Kerr received his academic training during the Great Depression and studied the Dust Bowl migrations and self-help cooperatives of the time. He taught labor economics at the University of Washington while also mediating West Coast labor disputes during World War II. In 1945, he went to the University of California–Berkeley, as associate professor of industrial relations in the School of Business and to head the newly created Institute of Industrial Relations.

In 1952, he became Berkeley’s first chancellor and developed an academic plan to accommodate the first “tidal wave” of students following the war. He strengthened the University’s faculty, departments, and colleges, and transformed Berkeley from a German model to a modern U.S. campus offering student housing and facilities, intramural sports and playing fields, cultural programs, and many other amenities. His plan called for developing the central campus for academic purposes, with clusters of buildings devoted to related subject matter. Nonacademic facilities were plotted on the campus periphery. Recreational areas for student and staff were provided. Kerr directly involved members of the faculty in advising him on various problems, and sought out student participation in long-range physical and academic planning for the campus. In 1957, 24 of Berkeley’s academic departments were rated as outstanding in a national poll, and the campus was ranked third in the nation.

Based on his impressive five-year record, Kerr was named the University of California’s 12th president in 1958. During his tenure, he negotiated the creation of the 1960 California Master Plan for Higher Education that assured access to public higher education for all California students and defined the roles of the University of California campuses, California State University, and California’s system of community colleges. The plan has been used a model in educational planning around the world. He also established three new campuses, reoriented four existing campuses, improved libraries, student facilities, and cultural programs on all campuses, established education-abroad programs, and introduced equality-of-opportunity programs.

Despite all his successes, Kerr struggled with growing student unrest, which reached its peak with the Free Speech Movement at the Berkeley campus beginning in 1964. Kerr ultimately persuaded the University of California Regents to allow political activities and demonstrations on campus. His actions, however, ran counter to their conservative stance, and in 1967, after the newly elected governor, Ronald Reagan took office, Kerr was dismissed.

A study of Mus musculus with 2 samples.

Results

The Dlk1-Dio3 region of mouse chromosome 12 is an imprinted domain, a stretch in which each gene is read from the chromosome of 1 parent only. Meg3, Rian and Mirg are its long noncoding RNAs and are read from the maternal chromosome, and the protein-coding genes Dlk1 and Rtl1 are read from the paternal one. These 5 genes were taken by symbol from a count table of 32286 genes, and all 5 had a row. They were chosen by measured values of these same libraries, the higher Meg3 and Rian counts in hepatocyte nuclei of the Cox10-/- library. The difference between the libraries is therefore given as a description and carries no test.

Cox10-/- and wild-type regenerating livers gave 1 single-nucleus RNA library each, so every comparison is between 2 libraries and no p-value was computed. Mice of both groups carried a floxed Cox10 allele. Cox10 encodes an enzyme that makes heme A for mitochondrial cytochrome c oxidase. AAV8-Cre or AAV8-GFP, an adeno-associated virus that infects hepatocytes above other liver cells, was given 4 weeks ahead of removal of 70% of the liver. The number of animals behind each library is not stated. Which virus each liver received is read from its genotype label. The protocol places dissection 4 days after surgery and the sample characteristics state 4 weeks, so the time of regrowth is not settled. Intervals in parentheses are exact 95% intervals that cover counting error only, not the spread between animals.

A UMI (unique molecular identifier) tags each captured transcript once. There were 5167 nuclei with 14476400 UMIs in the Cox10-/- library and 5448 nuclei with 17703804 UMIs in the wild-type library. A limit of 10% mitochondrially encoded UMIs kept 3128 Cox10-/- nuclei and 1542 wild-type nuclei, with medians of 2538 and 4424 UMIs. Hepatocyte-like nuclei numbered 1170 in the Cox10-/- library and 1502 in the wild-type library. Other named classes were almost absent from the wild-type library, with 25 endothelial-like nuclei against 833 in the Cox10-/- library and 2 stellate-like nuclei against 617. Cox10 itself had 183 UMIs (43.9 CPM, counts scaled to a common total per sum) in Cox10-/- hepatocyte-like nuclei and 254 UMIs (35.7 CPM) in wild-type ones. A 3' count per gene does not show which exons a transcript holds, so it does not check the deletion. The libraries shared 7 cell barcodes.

From 1967 through 1980, Kerr served as chair and director of the Carnegie Commission on Higher Education and the Carnegie Council on Policy Studies in Higher Education. These groups’ work was described as being “the most important body of descriptive and analytical literature about American higher education ever produced.”

In the 1980s, Kerr conducted studies on university presidents and spouses and on university trusteeship for the Association of Governing Boards of Universities and Colleges. He is the author of many books on labor economics and higher education, most notably, The Uses of the University, now in its fifth edition and considered to be a “basic book” in higher education. His two-volume memoir, The Gold and the Blue: A Personal Memoir of the University of California, 1949–1967, Volume I: Academic Triumphs; Volume II: Political Turmoil (University of California Press 2001; 2003), details his career and the many adventures along the way.

Kerr was listed by U. S. News and World Report as the most influential person in the nation in the field of education in 1974, 1975, and 1976, and was included among the “Thirteen Innovators Who Changed Education” in a survey conducted by the New York Times in 1997.

Contributed by Maureen Kawaoka, University of California–Berkeley

Berkeley Digital Library SunSite. 2003. Days of Cal: Clark Kerr. Berkeley, Calif.: The Library.

UC Berkeley. 2004. Former UC President Clark Kerr, a national leader in higher education, dies at 92. Berkeley, Calif.: UC Berkeley Public Affairs.

University Library, University of California, Santa Cruz. 2004. Clark Kerr. Berkeley, Calif: UCSC’s Public Information Office.